Belfast Telegraph

Angelina Jolie has ovaries removed

Angelina Jolie has penned an honest account of recent surgery she underwent to have her ovaries and fallopian tubes removed.

The Hollywood star has written a frank diary account of the recent surgery she had in a bid to prevent cancer.

Angelina is a carrier of the faulty BRCA1 gene mutation and in 2013 underwent a double mastectomy after finding out she had an 87 per cent risk of developing breast cancer and a 50 per cent risk of getting ovarian cancer.

Her own mother Marcheline Bertrand died at the age of 56 after a long battle with both breast and ovarian cancer.

"I wanted other women at risk to know about the options. I promised to follow up with any information that could be useful, including about my next preventive surgery, the removal of my ovaries and fallopian tubes," Angelina Jolie in an article titled Diary of Surgery for The New York Times.

After being told recent blood tests were normal, 39-year-old Angelina was then hit with the news that the tests had shown a number of inflammatory markers, which could be a sign of early cancer.

The mother of six was instantly soothed by husband Brad Pitt.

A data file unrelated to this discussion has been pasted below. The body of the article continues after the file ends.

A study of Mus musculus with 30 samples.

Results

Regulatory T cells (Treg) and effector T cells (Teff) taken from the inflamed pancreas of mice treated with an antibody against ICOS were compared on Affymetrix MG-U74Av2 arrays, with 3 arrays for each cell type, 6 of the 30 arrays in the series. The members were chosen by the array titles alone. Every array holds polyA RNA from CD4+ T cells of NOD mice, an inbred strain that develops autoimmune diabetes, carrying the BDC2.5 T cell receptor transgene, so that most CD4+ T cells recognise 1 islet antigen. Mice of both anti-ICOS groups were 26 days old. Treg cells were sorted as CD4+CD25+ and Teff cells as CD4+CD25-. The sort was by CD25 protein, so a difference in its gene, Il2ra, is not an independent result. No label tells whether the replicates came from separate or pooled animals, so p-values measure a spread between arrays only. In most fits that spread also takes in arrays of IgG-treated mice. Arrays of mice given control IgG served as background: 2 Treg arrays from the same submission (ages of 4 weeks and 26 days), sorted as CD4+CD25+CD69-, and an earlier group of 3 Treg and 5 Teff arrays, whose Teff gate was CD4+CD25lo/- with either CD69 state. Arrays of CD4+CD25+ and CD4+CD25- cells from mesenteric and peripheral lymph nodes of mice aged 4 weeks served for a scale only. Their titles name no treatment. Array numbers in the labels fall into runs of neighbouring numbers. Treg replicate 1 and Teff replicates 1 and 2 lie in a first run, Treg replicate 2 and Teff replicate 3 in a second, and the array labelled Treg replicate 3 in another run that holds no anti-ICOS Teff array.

"I went through what I imagine thousands of other women have felt. I told myself to stay calm, to be strong, and that I had no reason to think I wouldn’t live to see my children grow up and to meet my grandchildren.

"I called my husband in France, who was on a plane within hours. The beautiful thing about such moments in life is that there is so much clarity. You know what you live for and what matters. It is polarising, and it is peaceful," she recalled.

While further scans and tumour tests came back clear, Angelina had a tough few days waiting for her results.

She decided to go ahead with surgery, but reveals it wasn't only because she carries the BRCA1 gene mutation. Rather her doctors advised her on the best course of action, and she urges others to seek the best medical help possible.

"I feel deeply for women for whom this moment comes very early in life, before they have had their children. Their situation is far harder than mine. I inquired and found out that there are options for women to remove their fallopian tubes but keep their ovaries, and so retain the ability to bear children and not go into menopause. I hope they can be aware of that.

"It is not easy to make these decisions. But it is possible to take control and tackle head-on any health issue. You can seek advice, learn about the options and make choices that are right for you. Knowledge is power," she wrote.